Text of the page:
Games-based learning must tailor cost to austere times, education experts warned

Approach still ‘untried’ in terms of effective teaching


Irish and UK experts in games-based learning will be told that it’s not “ethical to spend vast amounts of money on what is effectively an untried and untested way of teaching and learning” at a conference beginning in DIT today.

Dr Nicola Whitton argues that ambitions to bring “commercial level” games into classrooms should be curbed, with “cheap and effective” games the best options for schools during the “age of austerity”.

While calling herself a “massive advocate” for using computer games in the classroom, Dr Whitton, from Manchester Metropolitan University, says: “There’s a lot of rhetoric in games-based learning where games have to be these high-end, commercial quality games. We don’t need to spend lots of money to have an effective platform for learning.”

Dr Whitton, keynote speaker at the two-day Irish Symposium on Games-Based Learning, which is now in its third year, says research in this area is still “patchy”, with most studies being “small scale” and often looking solely at whether children “like games-based learning rather than whether they learn from it”.

“If you took a group of university students and used ‘pints-based learning’, they’d probably love it but wouldn’t learn much from it,” she says. “What students like is different to learning.”

The event is intended to provide a forum for teachers, lecturers, students and researchers to discuss the effectiveness of using games, or gaming elements (also known as “gamification”), within all levels of education.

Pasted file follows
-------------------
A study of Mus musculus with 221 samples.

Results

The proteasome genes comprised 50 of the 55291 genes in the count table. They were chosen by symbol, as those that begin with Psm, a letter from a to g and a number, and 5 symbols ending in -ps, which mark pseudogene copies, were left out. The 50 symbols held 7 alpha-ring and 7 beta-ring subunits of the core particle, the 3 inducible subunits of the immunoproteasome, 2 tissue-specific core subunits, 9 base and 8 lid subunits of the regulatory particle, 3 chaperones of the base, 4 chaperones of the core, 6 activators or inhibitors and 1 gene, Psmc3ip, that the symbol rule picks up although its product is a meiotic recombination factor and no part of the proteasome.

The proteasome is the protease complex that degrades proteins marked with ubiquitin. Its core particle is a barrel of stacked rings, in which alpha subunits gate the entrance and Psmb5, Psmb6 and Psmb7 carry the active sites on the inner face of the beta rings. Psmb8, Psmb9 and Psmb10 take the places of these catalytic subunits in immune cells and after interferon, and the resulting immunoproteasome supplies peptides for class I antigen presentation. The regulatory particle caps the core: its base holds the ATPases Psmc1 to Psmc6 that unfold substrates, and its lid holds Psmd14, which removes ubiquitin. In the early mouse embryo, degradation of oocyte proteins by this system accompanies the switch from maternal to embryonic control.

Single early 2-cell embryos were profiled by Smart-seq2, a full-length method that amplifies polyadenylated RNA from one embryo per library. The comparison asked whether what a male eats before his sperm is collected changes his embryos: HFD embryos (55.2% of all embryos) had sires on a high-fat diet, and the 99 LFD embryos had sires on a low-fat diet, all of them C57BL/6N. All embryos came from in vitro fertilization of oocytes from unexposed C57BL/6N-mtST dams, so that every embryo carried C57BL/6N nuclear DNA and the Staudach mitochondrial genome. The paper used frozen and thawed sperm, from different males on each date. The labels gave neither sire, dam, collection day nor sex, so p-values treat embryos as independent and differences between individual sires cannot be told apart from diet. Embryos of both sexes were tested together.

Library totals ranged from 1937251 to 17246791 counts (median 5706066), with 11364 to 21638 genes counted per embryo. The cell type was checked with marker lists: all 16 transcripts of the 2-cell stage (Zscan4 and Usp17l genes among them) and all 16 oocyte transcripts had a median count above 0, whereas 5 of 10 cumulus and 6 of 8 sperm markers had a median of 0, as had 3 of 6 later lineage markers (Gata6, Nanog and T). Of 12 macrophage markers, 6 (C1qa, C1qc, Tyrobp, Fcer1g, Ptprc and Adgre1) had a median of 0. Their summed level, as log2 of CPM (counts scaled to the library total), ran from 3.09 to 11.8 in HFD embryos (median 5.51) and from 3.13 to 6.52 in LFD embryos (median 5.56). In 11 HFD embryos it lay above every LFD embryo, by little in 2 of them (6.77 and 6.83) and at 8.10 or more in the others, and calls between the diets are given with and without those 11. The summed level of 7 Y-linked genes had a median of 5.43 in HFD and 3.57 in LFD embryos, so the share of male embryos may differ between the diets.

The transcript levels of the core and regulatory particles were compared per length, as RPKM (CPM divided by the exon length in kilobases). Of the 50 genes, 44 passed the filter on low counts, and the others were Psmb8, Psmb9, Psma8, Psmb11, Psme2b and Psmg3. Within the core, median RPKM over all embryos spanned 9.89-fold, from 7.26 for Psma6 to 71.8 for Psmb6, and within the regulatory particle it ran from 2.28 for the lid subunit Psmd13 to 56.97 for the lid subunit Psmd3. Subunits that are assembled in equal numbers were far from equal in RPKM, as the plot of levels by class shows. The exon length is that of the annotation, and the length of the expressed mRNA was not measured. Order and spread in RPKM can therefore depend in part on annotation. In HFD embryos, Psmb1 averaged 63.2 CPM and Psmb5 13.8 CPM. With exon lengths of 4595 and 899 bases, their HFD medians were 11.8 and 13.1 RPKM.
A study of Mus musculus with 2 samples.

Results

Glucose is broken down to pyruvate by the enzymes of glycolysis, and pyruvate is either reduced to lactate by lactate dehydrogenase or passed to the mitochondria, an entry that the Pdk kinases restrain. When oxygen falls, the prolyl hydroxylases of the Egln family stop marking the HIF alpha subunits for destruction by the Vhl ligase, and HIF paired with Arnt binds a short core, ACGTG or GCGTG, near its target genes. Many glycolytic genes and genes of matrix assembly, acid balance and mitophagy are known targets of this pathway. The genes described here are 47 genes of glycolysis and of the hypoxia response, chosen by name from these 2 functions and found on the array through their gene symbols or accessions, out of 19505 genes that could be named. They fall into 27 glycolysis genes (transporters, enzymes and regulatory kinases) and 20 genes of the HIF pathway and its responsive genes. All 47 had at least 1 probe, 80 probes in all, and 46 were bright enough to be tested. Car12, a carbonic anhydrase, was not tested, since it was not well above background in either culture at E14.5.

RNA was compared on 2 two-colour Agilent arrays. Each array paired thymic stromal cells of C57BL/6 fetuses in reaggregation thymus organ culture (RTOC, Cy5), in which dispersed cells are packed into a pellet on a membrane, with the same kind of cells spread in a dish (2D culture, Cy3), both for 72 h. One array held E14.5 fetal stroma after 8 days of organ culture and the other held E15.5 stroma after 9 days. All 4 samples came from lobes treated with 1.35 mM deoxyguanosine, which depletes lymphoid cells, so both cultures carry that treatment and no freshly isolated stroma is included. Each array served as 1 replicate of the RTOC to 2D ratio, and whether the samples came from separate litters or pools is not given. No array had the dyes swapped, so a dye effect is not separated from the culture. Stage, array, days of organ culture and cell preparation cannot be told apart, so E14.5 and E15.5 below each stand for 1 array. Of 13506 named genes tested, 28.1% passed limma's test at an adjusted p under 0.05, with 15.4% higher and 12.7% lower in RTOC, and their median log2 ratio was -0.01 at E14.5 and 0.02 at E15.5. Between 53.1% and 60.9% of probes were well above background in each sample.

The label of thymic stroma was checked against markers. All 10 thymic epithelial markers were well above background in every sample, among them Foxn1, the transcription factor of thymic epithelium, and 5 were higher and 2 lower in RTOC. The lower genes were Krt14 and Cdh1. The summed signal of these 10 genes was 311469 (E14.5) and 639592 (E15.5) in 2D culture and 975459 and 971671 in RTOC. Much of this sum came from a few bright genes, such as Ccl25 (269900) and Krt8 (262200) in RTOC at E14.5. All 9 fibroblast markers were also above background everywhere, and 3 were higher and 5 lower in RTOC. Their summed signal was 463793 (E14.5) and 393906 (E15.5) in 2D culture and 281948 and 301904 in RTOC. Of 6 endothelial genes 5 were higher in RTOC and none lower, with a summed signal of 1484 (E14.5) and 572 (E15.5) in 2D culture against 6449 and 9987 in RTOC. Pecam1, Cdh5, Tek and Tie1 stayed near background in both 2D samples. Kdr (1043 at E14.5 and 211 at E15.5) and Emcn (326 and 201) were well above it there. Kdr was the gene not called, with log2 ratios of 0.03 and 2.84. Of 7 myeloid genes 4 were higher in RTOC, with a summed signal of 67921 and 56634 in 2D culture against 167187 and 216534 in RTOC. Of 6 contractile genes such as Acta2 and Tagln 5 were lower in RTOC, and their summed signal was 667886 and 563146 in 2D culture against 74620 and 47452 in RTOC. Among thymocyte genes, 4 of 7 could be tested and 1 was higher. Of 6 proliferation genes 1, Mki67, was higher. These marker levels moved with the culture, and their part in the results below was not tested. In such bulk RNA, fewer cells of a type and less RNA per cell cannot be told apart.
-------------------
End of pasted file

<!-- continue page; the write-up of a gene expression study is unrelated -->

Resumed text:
The use of games in the classroom has been championed in Ireland by researchers at Waterford Institute of Technology in particular. The Department of Education- backed website,, encourages the use of games to teach English, maths, science, geography and other subjects.

Dr Pauline Rooney from DIT, who is chairing the event, says: “Culturally, I think there is still an issue with the idea of games in education”.

Some educators at second and third level in particular, she says, see them as “inappropriate” within the classroom, lab or lecture hall.

Dr Rooney adds that students embedded in rote learning systems, such as the current Leaving Cert (“where it’s all about regurgitating information”), will often “prefer to be fed knowledge” rather than taking part in interactive learning activities such as games.

Other topics up for discussion during the event include the use of gesture-based devices to teach mathematics, games-based learning in early childhood and using virtual worlds in the classroom.